Lenograstim versus filgrastim in mobilization before autologous hematopoietic stem cell transplantation in patients with multiple myeloma and lymphoma-Single center experience


SARICI A. , ERKURT M. A. , Bahcecioglu O. F. , Bicim S., BERBER İ. , Gok S., ...More

TRANSFUSION AND APHERESIS SCIENCE, vol.60, no.4, 2021 (Journal Indexed in SCI) identifier identifier

  • Publication Type: Article / Article
  • Volume: 60 Issue: 4
  • Publication Date: 2021
  • Doi Number: 10.1016/j.transci.2021.103127
  • Title of Journal : TRANSFUSION AND APHERESIS SCIENCE
  • Keywords: Hematopoietic stem cell transplantation, Lenograstim, Filgrastim, Multiple myeloma, Lymphoma, BIOSIMILAR FILGRASTIM, PROGENITOR CELLS, BLOOD, CHEMOTHERAPY, GUIDELINES, GRANOCYTE(R), LEUCOSTIM(R), NEUPOGEN(R), STRATEGIES, COLLECTION

Abstract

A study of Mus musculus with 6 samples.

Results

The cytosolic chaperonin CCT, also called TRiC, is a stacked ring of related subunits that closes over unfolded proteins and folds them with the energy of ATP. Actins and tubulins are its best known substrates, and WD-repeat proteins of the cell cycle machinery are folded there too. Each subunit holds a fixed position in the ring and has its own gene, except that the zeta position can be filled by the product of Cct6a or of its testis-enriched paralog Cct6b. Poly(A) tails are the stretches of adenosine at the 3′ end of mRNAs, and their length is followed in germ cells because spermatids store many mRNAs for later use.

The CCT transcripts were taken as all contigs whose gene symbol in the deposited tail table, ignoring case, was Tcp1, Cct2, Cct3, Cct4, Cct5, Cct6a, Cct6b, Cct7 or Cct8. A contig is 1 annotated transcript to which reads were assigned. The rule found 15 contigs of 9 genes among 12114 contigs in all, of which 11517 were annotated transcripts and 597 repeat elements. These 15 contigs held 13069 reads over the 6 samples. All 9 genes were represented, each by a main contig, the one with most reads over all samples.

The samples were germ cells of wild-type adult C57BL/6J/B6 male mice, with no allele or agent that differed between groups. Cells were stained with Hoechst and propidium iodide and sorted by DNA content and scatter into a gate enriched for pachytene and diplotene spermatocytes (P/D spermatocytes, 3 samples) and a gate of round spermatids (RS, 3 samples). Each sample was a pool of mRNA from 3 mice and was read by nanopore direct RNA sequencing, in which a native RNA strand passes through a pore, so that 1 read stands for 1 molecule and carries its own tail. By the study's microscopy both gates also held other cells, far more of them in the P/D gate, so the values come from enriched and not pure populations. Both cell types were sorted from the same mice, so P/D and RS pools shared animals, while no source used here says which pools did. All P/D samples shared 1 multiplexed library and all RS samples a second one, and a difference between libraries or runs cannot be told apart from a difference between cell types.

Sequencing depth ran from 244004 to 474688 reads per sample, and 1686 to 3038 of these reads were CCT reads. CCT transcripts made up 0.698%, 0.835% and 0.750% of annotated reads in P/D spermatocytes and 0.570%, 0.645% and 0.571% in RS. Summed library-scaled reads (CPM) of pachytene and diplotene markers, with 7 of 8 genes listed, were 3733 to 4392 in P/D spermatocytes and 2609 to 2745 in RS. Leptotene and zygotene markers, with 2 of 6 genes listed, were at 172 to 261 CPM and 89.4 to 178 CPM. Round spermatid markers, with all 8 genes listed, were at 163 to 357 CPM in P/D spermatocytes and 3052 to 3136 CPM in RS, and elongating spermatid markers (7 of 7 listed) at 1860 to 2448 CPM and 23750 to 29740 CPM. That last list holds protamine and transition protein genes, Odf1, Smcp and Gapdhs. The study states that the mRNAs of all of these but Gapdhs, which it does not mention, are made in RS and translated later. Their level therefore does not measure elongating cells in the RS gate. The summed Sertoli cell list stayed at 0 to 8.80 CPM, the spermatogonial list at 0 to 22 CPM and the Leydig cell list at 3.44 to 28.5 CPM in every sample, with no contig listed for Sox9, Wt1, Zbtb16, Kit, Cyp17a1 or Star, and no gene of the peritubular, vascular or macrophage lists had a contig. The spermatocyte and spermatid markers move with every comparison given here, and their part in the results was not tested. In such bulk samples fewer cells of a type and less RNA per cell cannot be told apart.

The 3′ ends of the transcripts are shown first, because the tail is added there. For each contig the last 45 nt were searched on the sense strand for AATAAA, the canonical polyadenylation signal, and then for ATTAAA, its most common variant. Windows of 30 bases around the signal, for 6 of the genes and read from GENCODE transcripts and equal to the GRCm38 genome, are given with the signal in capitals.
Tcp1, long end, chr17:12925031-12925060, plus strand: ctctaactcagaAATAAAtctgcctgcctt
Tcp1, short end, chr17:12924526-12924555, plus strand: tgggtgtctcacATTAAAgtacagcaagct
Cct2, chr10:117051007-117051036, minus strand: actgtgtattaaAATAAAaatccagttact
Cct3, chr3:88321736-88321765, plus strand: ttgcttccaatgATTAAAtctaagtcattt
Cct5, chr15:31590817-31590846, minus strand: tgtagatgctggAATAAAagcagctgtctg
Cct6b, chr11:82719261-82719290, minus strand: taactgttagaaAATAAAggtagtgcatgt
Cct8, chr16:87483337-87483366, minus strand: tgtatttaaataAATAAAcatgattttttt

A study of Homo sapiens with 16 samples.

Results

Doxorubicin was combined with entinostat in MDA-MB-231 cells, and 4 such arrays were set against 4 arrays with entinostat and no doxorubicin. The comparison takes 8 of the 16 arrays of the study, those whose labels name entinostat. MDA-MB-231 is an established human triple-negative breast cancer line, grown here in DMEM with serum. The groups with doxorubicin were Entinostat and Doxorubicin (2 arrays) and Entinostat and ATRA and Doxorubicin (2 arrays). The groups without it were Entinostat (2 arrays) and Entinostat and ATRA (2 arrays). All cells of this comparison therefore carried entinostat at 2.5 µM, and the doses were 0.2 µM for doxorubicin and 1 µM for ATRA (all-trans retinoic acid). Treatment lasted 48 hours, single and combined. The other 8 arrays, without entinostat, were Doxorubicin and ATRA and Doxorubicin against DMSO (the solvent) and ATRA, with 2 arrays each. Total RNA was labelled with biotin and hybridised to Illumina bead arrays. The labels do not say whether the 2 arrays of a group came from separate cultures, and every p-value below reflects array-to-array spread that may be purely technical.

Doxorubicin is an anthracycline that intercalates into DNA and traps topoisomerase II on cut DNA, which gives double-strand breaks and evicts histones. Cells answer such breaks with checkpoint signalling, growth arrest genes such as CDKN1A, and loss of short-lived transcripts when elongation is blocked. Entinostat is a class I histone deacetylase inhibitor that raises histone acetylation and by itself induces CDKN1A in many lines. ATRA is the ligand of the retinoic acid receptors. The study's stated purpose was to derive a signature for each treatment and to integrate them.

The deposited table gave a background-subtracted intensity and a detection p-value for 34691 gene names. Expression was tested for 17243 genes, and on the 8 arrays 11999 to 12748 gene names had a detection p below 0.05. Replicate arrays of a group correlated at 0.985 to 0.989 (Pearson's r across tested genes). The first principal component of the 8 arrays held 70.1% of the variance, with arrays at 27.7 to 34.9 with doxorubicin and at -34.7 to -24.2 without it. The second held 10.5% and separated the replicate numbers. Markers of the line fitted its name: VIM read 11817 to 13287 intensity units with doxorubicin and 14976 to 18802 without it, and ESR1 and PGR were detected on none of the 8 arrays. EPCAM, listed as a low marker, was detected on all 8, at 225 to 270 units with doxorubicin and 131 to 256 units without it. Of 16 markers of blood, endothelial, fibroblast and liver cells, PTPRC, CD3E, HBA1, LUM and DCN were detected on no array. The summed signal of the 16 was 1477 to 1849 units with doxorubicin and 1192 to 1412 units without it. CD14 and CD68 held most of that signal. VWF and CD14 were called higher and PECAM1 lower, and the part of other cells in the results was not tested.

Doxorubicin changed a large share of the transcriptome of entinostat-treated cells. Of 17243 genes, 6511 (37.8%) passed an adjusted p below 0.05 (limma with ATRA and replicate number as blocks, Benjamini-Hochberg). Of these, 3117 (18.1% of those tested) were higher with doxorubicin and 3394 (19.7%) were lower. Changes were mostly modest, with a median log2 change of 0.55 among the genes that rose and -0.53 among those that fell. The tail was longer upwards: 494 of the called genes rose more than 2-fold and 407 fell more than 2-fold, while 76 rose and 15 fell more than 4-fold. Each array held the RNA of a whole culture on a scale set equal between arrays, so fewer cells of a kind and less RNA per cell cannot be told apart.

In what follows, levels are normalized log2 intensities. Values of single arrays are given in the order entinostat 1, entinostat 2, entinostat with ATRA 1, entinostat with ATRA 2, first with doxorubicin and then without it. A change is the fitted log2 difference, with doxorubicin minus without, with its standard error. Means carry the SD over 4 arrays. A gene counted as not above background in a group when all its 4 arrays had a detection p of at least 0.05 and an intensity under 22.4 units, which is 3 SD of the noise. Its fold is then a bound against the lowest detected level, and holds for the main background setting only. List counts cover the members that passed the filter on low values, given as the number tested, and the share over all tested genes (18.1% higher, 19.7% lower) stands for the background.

Objective Peripheral blood stem cell transplantation is frequently used in the treatment of various hematological malignancies after intensive chemotherapy. The primary aim of our study is to compare the amount of collected CD34+ cells and engraftment times in patients mobilized with filgrastim or lenograstim. Material and Methods Demographic and clinical data of multiple myeloma (MM) and lymphoma patients who underwent autologous transplantation and mobilized with G-CSF (filgrastim or lenograstim) without chemotherapy were collected retrospectively. Results One hundred eleven MM and 58 lymphoma patients were included in the study. When mobilization with filgrastim and lenograstim was compared in MM patients, there was no significant difference in neutrophil and thrombocyte engraftment times of lenograstim and filgrastim groups (p = 0.931 p = 0.135, respectively). Similarly, the median number of CD34+ cells collected in patients receiving filgrastim and lenograstim was very similar (4.2 x 10(6)/kg vs 4.3 x 10(6)/kg, p = 0.977). When compared with patients who received lenalidomide before transplantation and patients who did not receive lenalidomide, the CD34+ counts of the two groups were similar. However, neutrophil and platelet engraftment times in the group not receiving lenalidomide tended to be shorter (p = 0.095 and p = 0.12, respectively). When lymphoma patients mobilized with filgrastim and lenograstim were compared, neutrophil engraftment time (p = 0.498), thrombocyte engraftment time (p = 0.184), collected CD34+ cell counts (p = 0.179) and mobilization success (p = 0.161) of the groups mobilized with filgrastim and lenograstim were similar. Conclusion The superiority of the two agents to each other could not be demonstrated. Multi-center prospective studies with larger numbers of patients are needed.